Emanuel Gat’s LOVETRAIN2020 premiered at London’s Sadler Well’s theater the weekend of the 17th of November. A glorious, physical journey through the iconic discography of Tears for Fears, it had me aching to jump straight back on board.

If there are genres not typically associated with the prestigious stage of Sadlers Well’s then campy new wave has to be one of them. Formed in 1983, Tears for Fears were pivotal to a movement that would define the decade with this sound. Emanuel’s decision to set the show to the band's greatest hits was born when one of their tracks randomly came up on shuffle. After the one hour and 15 minute show came to a close, you were left wondering ‘Why on earth hasn’t this been done before?’

Pop isn’t Gat’s usual muse, the 30 years he’s been choreographing have been largely soundtracked by classical or jazz music, but the musicality suggests otherwise. The dark grooves, synthy sugary highs and power ballad interludes of the songs are met with intuitive juxtapositions of movement. Dancers crawl and chassé seductively in slower moments before pirouetting frenetically seconds later.

This is contemporary dance, but not quite as we know it. Emanuel empowers the 11 dancers to improvise within a framework, allowing each to bring in unique styles and influence. Consequently routines were interwoven with elements of acrobatics, ballet, cabaret and classical. Despite the amalgamation of style, group transformations were seamless, and divertissements shone a much deserved spotlight on their individual ability.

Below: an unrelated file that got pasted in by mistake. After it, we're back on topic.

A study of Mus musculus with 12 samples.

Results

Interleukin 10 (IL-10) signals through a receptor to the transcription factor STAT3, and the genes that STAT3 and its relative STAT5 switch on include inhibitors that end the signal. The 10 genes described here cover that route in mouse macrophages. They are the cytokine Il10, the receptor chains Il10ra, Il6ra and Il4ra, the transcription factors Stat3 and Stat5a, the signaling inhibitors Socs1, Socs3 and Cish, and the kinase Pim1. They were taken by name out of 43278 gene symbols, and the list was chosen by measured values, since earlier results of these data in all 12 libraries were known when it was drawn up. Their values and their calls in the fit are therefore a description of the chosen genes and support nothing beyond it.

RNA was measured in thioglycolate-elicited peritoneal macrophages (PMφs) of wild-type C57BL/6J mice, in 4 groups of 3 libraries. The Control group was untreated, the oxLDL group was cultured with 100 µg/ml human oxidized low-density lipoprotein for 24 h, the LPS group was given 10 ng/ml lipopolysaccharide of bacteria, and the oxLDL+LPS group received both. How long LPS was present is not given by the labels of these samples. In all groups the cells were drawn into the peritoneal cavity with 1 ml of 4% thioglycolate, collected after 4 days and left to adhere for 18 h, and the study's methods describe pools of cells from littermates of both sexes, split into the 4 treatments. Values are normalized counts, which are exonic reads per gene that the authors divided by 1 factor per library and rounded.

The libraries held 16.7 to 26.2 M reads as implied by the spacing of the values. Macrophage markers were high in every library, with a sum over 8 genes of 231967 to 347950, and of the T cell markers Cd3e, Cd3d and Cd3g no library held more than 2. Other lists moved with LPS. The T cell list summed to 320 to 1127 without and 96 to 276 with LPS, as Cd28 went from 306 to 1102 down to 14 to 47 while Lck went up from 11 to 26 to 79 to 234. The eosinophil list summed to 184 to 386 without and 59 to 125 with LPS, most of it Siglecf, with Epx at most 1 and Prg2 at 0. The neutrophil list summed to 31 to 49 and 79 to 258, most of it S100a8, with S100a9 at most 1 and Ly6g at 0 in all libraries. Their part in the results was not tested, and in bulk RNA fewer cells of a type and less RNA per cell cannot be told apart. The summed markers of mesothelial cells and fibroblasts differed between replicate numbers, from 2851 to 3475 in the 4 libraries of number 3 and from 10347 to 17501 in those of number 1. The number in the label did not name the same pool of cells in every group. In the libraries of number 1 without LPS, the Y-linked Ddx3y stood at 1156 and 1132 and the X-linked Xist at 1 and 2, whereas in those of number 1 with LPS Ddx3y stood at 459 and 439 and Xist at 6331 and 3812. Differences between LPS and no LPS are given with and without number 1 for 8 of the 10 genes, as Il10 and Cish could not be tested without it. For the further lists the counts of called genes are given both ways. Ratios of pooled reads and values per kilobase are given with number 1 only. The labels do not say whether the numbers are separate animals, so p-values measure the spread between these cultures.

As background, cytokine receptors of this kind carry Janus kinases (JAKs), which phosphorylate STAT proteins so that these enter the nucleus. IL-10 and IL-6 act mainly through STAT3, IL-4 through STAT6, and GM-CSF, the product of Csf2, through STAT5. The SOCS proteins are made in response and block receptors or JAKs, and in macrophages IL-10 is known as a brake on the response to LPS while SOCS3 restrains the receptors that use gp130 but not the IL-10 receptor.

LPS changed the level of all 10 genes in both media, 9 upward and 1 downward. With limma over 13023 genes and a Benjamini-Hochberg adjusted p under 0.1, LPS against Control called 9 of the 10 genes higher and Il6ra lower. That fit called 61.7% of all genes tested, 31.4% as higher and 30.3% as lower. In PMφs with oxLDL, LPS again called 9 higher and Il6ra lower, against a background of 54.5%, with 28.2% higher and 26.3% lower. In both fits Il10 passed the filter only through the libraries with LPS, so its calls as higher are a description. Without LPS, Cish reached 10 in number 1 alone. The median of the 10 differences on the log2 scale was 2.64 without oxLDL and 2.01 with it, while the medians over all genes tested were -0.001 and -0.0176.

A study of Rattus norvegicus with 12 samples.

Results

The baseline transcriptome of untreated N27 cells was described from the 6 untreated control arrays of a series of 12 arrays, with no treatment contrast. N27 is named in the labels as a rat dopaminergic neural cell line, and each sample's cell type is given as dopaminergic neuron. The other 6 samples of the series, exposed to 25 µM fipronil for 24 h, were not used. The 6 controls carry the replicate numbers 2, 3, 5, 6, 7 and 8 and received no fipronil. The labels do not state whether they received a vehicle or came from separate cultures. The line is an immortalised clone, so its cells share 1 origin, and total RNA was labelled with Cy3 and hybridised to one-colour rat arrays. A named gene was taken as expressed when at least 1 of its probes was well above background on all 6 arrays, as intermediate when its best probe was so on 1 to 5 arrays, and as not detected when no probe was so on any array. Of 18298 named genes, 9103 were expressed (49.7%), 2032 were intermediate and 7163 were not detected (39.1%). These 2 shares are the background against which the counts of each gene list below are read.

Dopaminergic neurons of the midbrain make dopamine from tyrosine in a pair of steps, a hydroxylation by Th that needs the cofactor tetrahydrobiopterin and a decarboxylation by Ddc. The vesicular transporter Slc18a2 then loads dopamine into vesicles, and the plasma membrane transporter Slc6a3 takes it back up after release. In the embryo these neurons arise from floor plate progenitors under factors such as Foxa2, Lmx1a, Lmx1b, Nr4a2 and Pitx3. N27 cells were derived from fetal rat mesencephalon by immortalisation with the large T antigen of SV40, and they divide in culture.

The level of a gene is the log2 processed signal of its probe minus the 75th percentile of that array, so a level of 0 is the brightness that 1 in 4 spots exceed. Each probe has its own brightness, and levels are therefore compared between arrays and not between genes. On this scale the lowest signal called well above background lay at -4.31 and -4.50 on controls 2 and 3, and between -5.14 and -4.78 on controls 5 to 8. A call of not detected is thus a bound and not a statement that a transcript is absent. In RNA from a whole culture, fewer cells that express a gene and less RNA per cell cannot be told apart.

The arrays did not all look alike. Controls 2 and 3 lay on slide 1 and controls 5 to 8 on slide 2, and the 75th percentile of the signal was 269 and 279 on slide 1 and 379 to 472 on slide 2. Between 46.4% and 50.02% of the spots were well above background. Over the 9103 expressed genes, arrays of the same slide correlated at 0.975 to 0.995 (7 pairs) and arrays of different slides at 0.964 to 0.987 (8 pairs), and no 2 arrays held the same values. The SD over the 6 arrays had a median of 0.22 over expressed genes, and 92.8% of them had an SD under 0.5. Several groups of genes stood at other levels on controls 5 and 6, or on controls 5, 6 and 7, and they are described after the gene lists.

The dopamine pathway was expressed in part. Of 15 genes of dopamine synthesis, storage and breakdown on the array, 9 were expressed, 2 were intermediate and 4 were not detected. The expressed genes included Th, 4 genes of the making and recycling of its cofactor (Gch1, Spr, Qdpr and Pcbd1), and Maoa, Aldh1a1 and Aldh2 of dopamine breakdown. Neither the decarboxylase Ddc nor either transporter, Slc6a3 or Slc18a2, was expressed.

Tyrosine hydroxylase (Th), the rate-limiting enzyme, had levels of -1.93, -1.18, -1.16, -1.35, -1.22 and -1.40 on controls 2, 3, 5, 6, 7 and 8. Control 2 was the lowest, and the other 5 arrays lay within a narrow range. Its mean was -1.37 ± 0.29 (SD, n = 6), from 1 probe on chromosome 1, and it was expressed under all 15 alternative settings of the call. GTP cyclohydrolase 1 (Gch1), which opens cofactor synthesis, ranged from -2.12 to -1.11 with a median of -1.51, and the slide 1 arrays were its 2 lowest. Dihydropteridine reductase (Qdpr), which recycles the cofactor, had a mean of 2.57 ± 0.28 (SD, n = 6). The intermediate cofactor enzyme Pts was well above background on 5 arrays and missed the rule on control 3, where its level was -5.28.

Gat’s choreography extended to the lighting. Chopping and changing in time with the beat, it continually provoked new perspectives, fluctuating the tone of the performance. At some points, lights shone from above, illuminating the angular lines of the dancers to an almost solemn effect, and at other times they twinkled joyously. During the opener, ‘Memories Fade’, a flood light effect painted the stage in dark green, exaggerating shadows and clouds of dry ice, evoking the nightclub nostalgia of the pop duo’s heyday.

In between hits like ‘Everybody Wants to Rule the World’ and ‘Shout’ were minutes of silence when the only sounds were the rustling of Thomas Bradleys baroque costumes, the heavy breathing of the dancers, and coughs echoing from the audience. Whilst these moments highlighted the technical ability of the cast, who were able to move faultlessly to their own time signature, they served as a jarring contrast to the epic hard-hitters played before them.

Despite its quieter moments, LOVETRAIN2020 was a loud, contemporary triumph, steeped in the irresistible charm of an era when things seemed flamboyant and free. Emanuel Gat has successfully paved the way for today's high brow culture to learn from the unbridled maximalism of the past, synths, smoke machines and all.